Imposed Blessings on Ferguson

A friend of mine had been leading students for some time to the same village in Guatemala. After years of trust building, listening and serving, the local pastor finally asked my friend, “This summer, would you and your team be willing to help us to tear down a structure? It was built for us by another short term mission team, but we really don’t need it and it’s taking up space we need for other things.”

There are numerous short term mission teams that construct new buildings, but this was the first short term mission team de-constructing a new building that I had heard about.

The problem with those of us who have the social privilege, the finances and the mobility to travel is that we like to impose blessings upon others. This is not an indictment on the good-natured spirit behind our imposed blessings; it is simply an acknowledgement that imposed blessings are rarely blessings to those who receive them, particularly when there is cultural distance between us and the people we visit. We too often rush to give people we don’t really know what we think they need from our insular, ethnocentric perspective. And since we have the power and wealth to give them what we believe they need, we do so, with all the genuineness and sincerity and misguided generosity we can muster.

The problem with those of us who have the social privilege, the finances and the mobility to travel is that we like to impose blessings upon others... We too often rush to give people we don’t really know what we think they need from our insular, ethnocentric perspective. And since we have the power and wealth to give them what we believe they need, we do so, with all the genuineness and sincerity and misguided generosity we can muster.

Generally speaking, people don’t need our money, our construction materials, our know-how, our labor or our words as much as they need our ears and our solidarity. Solidarity is the purest gift someone can give to another. A short term mission that does not employ the gift of listening and standing alongside is a missed opportunity. Of course there are times for action; times to jump into the middle of a mess with others. But my experience suggests that action should come only after a period of listening and solidarity.

Listening comes before speaking. Standing with someone comes before doing stuff for them.

The mistreatment of Black people in the United States predates our establishment as a country. From the rounding up of free Africans by slave traders, to their treacherous transport to the New World; from mob-spawned lynchings, to the killing of unarmed Black men by police with impunity, this is not something new. Black citizens have experienced the tragic reality of racism in our country for centuries.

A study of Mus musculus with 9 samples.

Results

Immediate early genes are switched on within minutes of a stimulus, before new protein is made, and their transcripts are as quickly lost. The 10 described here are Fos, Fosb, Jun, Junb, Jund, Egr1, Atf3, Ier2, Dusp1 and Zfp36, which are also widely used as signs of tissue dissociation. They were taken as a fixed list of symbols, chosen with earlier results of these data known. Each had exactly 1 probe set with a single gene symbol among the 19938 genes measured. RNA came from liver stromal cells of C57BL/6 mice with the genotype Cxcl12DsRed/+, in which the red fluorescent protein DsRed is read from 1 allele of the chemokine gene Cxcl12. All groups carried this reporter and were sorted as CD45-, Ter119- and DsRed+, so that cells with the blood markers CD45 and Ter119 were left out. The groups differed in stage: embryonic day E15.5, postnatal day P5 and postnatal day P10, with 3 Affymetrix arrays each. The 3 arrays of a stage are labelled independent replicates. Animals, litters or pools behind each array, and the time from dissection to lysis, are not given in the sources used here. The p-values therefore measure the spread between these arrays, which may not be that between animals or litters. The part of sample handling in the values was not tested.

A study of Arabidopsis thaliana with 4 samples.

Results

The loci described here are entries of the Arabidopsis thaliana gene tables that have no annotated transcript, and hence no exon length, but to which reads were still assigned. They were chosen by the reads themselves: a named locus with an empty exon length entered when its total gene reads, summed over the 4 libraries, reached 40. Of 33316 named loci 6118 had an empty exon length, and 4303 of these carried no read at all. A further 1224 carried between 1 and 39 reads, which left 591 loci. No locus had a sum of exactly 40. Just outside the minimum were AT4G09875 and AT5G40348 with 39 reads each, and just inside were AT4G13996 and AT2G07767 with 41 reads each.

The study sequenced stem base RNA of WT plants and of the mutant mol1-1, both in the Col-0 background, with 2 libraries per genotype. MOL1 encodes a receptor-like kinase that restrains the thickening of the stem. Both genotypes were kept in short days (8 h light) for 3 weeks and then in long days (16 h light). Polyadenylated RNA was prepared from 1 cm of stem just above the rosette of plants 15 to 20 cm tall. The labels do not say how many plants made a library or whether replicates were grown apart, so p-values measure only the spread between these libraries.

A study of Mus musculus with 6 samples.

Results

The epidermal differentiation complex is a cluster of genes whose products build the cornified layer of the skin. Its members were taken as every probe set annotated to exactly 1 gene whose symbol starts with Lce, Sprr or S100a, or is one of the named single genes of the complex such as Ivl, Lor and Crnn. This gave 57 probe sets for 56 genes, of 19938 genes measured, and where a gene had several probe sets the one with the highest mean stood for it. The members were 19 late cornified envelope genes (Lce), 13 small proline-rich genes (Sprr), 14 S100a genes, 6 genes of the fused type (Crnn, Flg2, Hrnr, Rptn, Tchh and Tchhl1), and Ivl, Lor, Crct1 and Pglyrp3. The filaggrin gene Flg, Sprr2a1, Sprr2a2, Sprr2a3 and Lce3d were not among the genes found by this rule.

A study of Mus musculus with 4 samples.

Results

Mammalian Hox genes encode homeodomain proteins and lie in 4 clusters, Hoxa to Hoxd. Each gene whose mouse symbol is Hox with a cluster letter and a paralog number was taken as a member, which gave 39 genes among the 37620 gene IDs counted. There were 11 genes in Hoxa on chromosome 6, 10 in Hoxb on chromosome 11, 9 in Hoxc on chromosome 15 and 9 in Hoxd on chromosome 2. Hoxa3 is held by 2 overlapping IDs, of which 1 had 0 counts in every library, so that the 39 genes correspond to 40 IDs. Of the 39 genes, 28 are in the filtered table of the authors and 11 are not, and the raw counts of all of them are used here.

But a fresh awareness, concern and action is beginning to emerge today. What an amazing opportunity to see more of God’s will done on earth as in heaven. Those seeking first God’s kingdom and God’s righteousness currently have a chance to step into what I believe is a movement of the Spirit which will bring kingdom shalom and address centuries old racism in America.

But how can the community of faith from outside Ferguson best serve our Black brothers and sisters in that community?

For those of us coming to the Urbana 15 student missions conference in St. Louis there is a temptation to rush into Ferguson, Missouri in order to impose any number of blessings upon that community. But I would caution us from speaking or doing before we listen and stand with our Black friends. Here is a short checklist:

  1. Do your homework. There are a number of intelligent discussions going on regarding how to respond to bent systems. Campaign Zero, for instance, offers policy solutions from the perspective of Black or bi-racial leaders. While not faith-based, those of us in the faith community need to learn from and work alongside many who desire the sort of change we believe God longs for.
  2. Sit at the feet of Black leaders. Urbana 15 will bring those active in Ferguson to us. We need to capitalize on the opportunity to learn from those who are living and working long-term in the areas in which we want to invest. There are other Black leaders within our faith community whom we need to learn from. Leaders such as Sean Watkins, Jonathan Walton and Michelle Higgins.
  3. Look inside before trying to change others. Self-examination is always a great place to begin when trying to impact societal change. How have I accepted, embraced or acquiesced to racial bias? Are there ways I can begin to effect change by confronting my own attitude and posture? How might I build a diverse array friendships with people who would be willing to engage in helpful confrontation?
  4. Join a local effort. In my town, Madison, Wisconsin, there is a movement of change being championed by faith leaders called Justified Anger. In addition, my predominantly White church fellowship prays once a month with a predominantly Black church for the healing of racial divides in our community. Many communities have local expressions where you could be involved.

Before those of us at Urbana who are not Black but who care about the issue of race in America rush into Ferguson to erect a building that is not asked for and not needed, let’s employ some good missiology. Let’s listen before we speak. Let’s stand alongside before we rush in to do something. Solidarity and listening are the greatest gifts you can offer Ferguson.